Many people strive to achieve their goals in life. What motivates them is individual, but what they all have in common is that their emotions and achievement goals help define their motivation and behavior. But what do you do when your fear of failure is holding you back from achieving the goals you have set out to achieve?
In their study Sagar and Stoeber (2009, 26) found that "perfectionistic concern over mistakes and perceived pressure to be perfect show strong links with fears of failure and negative affect after failure." Therefore, before looking at the fear of failure it is important take a moment to look at perfectionism. Sagar and Stoeber (2009, 3) defines perfectionism as "a personality disposition characterized by excessively high standards for performance and accompanied by tendencies for overly critical self-evaluations of one’s behavior." Perfectionism can be viewed as something that can help achieve elite sporting performance, enhance learning a new sporting skill, or as a characteristic that undermines performance and obstruct athletic development (Sagar and Stoeber, 2009). Bottom line perfectionism can be good and evil. The good side of perfectionsim makes you work harder and harder to achieve your goals. However, the dark side of perfectionism and fear of failure can lead to unhealthy types of behavior such as overtraining, training when injured and eating disorders. One of the most effective coping strategies to deal with perfectionism and fear of failure is through self-compassion (Kuchar, 2015).
Women tend to have higher self-criticism than men, so how do we get the tools to have more self-compassion and help ourselves cope with the fear of failure? Kuchar (2015) found in her study that athletes practicing self-compassion had more sports satisfaction and decreasing fear of failure compared to the athletes practicing traditional sports psychology. So how do we learn to have more self-compassion and accepting a non-perfect performance?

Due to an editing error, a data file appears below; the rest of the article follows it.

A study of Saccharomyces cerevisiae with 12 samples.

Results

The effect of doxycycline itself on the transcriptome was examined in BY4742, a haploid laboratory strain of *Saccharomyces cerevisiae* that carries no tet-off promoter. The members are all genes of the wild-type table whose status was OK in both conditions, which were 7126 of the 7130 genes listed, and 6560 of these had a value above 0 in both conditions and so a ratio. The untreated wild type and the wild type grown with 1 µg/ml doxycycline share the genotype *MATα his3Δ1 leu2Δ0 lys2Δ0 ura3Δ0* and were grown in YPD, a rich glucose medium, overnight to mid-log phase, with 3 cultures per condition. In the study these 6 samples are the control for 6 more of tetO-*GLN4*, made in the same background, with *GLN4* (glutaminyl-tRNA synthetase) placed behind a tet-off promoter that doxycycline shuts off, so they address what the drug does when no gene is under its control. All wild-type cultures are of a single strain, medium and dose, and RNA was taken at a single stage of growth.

Offering kindness and understanding towards one self and being open to and aware of one’s own suffering is part of self-compassion. It also requires taking a non-judgmental attitude in regards to one’s own inadequacies and failures (Neff , 2003) Luckily, self-compassion is a skill that can be learned. In the end it is all about finding the best way for you to learn how to be self-compassionate and learn to deal with fear of failure.
A quick Google search will give you some tools that will help you on your journey to self-compassion and coping with fear of failure. There are many different tools available out there, it all comes down to choosing what is right for you, so you can start facing your fears.
1. Kuchar, A. (2015), Overcoming Fear of Failure: Self-Compassion in Sports Psychology, Fort Lewis College
2. Neff, K. D. (2003b). Self-compassion: An alternative conceptualization of a healthy attitude toward oneself. Self and Identity, 2, 85 – 102
3. Sagar, S. S., & Stoeber, J. (2009). Perfectionism, fear of failure, and affective responses to success
and failure: The central role of fear of experiencing shame and embarrassment. Journal of Sport &
Exercise Psychology, 31(5), 602-627.